Market Report: Retail cheer sends Kingfisher to record high


Signs of improving high-street sales boosted Kingfisher, the retail group which closed at its highest level since June 2007 last night.

Investors piled in after John Lewis reported a 6.3 per cent hike in department store sales in the week to the 3 October, sparking enthusiasm for the wider retail sector. Traders said the news augured well for the likes of Kingfisher, which swiftly rose to 233.1p, up 2.8 per cent or 6.4p. The update also lifted Debenhams, which gained 1.4 per cent or 1.05p to 79.05p, and DSG International, which closed 1 per cent or 0.26p higher at 27.01p.

"Given that John Lewis sales are seen as a good bellwether for the state of consumer spending, the latest figures boost hopes that retail sales picked up in September and started October well after losing momentum in August, when they were only flat month-on-month," Howard Archer, chief UK economist at IHS Global Insight, said. "Encouragingly, the already released CBI distributive trades survey for September showed marked improvement."

Overall, the FTSE 100 hardly moved, rising by 7.23 points to 5161.87 amid relatively muted volumes. The FTSE 250 took its cue from the senior index, adding a mere 3.86 points to 9377.3. "It has been a quiet end to the week for stock markets, with the major indices just consolidating gains over the past few days," Phillip Gillett, sales trader at City spread betters IG Index, said. "The hurdle for the [FTSE 100] at the moment is the 5200 area – this has stopped strength for the past three weeks and traders will be looking out for a breakthrough."

Amlin, up 1.7 per cent or 6.5p at 395p, outperformed its peers, rising as other Lloyd's of London insurers fell or closed unchanged after Bank of American Merrill Lynch adopted a "buy" stance on the stock, saying the market may be underestimating the positive impact of Fortis Corporate Insurance, the marine, liability and commercial property insurance provider snapped up by Amlin earlier this year, now known as Amlin Corporate Insurance, or ACI.

"Although the impact will likely be limited in the very short term, we expect ACI to further add to the diversity of Amlin's portfolio and allow it to allocate more underwriting capital to the higher return catastrophe business," the broker said, setting a 425p target price as it resumed coverage.

In the wider sector, Brit Insurance, which is rated "neutral" with a 210p target at Merrill, was 0.7p behind at 209.4p, while Hiscox, which is also rated "neutral" with a 355p target, eased back to 360p, down 2p. Catlin, which is rated "underperform" with a 325p target, was 1.8p weaker at 352.2p at the end of the day.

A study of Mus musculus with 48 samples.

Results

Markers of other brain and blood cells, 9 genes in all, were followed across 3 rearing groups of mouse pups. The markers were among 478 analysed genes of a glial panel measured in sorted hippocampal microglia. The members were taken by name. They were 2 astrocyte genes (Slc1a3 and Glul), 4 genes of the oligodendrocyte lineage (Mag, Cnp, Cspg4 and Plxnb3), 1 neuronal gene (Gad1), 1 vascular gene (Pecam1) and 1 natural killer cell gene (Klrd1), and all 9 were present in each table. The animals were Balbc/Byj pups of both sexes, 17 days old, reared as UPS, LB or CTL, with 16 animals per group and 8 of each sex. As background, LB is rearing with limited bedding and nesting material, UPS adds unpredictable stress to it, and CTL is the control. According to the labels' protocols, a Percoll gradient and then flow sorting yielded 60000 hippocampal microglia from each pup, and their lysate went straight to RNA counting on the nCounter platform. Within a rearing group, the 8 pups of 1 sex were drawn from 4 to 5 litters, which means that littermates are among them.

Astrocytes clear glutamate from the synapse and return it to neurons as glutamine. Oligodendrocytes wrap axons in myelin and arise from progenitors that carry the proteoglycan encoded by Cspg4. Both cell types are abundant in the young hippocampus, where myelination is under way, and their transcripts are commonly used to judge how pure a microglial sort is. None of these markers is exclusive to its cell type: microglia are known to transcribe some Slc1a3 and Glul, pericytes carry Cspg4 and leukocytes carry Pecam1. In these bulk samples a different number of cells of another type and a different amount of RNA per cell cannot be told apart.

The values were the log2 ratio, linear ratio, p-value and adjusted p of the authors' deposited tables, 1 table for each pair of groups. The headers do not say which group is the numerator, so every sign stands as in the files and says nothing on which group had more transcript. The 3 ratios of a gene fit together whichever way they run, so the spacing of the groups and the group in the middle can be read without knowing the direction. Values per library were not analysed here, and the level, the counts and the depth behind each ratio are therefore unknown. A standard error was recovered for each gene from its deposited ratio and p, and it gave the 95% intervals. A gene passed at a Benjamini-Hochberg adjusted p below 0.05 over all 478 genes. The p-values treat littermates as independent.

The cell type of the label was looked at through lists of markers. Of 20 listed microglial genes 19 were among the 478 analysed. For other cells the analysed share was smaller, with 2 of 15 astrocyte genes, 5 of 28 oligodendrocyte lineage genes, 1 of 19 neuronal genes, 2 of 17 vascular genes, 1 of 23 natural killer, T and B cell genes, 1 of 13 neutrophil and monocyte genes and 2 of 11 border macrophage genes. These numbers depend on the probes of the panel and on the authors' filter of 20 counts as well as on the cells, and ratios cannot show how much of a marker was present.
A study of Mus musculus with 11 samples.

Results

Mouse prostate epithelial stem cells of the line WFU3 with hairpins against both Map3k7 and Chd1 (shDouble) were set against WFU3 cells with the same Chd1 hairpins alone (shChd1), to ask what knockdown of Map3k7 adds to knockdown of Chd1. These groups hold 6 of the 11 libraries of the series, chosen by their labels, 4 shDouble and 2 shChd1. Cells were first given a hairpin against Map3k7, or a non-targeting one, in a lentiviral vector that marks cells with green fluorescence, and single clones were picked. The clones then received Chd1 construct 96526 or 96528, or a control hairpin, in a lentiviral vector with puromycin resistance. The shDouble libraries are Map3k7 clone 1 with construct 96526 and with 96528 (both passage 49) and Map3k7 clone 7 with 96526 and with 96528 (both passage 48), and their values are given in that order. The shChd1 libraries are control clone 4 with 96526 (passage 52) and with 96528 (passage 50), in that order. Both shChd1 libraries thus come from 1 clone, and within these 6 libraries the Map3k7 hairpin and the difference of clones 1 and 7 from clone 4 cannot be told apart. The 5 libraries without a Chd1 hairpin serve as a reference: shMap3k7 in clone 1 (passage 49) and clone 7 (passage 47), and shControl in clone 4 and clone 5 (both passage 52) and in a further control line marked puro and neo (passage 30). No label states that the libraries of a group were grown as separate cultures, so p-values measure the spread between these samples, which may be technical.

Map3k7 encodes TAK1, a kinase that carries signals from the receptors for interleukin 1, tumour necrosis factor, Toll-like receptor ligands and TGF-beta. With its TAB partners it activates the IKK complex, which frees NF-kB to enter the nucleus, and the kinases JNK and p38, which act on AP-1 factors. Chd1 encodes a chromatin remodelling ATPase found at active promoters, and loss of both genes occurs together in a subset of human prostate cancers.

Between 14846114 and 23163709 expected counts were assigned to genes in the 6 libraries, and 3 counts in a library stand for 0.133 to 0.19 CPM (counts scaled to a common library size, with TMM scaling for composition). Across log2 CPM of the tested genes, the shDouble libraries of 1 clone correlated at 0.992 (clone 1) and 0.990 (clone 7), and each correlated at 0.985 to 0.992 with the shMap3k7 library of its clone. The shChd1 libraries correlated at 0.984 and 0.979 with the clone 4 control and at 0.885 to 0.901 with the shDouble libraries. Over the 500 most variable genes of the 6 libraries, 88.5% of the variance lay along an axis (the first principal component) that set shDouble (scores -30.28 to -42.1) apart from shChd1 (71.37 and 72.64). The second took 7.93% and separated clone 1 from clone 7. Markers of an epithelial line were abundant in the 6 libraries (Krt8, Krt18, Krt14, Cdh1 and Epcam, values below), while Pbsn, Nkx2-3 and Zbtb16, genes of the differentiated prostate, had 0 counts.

Elsewhere, Whitbread, the hospitality group behind the Premier Inn budget hotels chain, received a boost from Barclays Capital, which switched its stance on the stock to "overweight" from "underweight", saying that, notwithstanding recent gains, investors should pile in ahead of next week's interim results.

"We would recommend buying shares ahead of this event as we believe that the previously set full-year, pre-tax profit guidance is likely to prove conservative and we expect consensus forecasts to be revised upwards again," the broker said, raising its target price for the stock, which advanced by 1.6 per cent or 20p to 1269p, to 1430p.

Carphone Warehouse rose to 209.1p, up 1.3 per cent or 2.6p, thanks to some words of support from Nomura, which raised its target price for the stock to 240p from 230p, offsetting the impact of a new circular from Execution, which downgraded the stock to "hold" and advised investors to bank profits from recent gains.

Nomura adopted a different view, telling clients that the revenue and cost synergies from the Tiscali integration, the roll out of the big box store format and the crystallisation of value through the de-merger of the TalkTalk broadband business "should all drive the stock further".

Further afield, ITV stood firm, gaining 0.07p to 46.38p, thanks to renewed bid chatter, with traders citing rumours of interest from RTL, the European media group behind Channel Five. The chatter overshadowed a new circular from Investec, which reiterated its "sell" stance, albeit with a revised 38p target price, up from 35p.

On the downside, the pubs group Enterprise Inns saw its shares slide to 125p, down 3.1 per cent or 4p, after Citigroup issued a "sell" note, highlighting both debt and trading concerns. With the net debt to Ebitda ratio at 7.8 times, the group's leverage is the highest of its pub sector peers, the broker said, setting a 110p target price on the stock.

JD Wetherspoon proved more resilient, firming up by 5p to 500p after the broker said "buy". "JD is our favoured pub sector play. Trading continues to be robust and 2009 margins were up in one of the toughest years for [the sector]," Citi said, setting a 740p target price on the stock.

The broker also adopted a "buy" stance on Mitchells & Butlers, which gained 0.3p to 252.3p. "With careful cash flow discipline, net debt is now falling and we do not expect the group to need to raise equity," Citi said.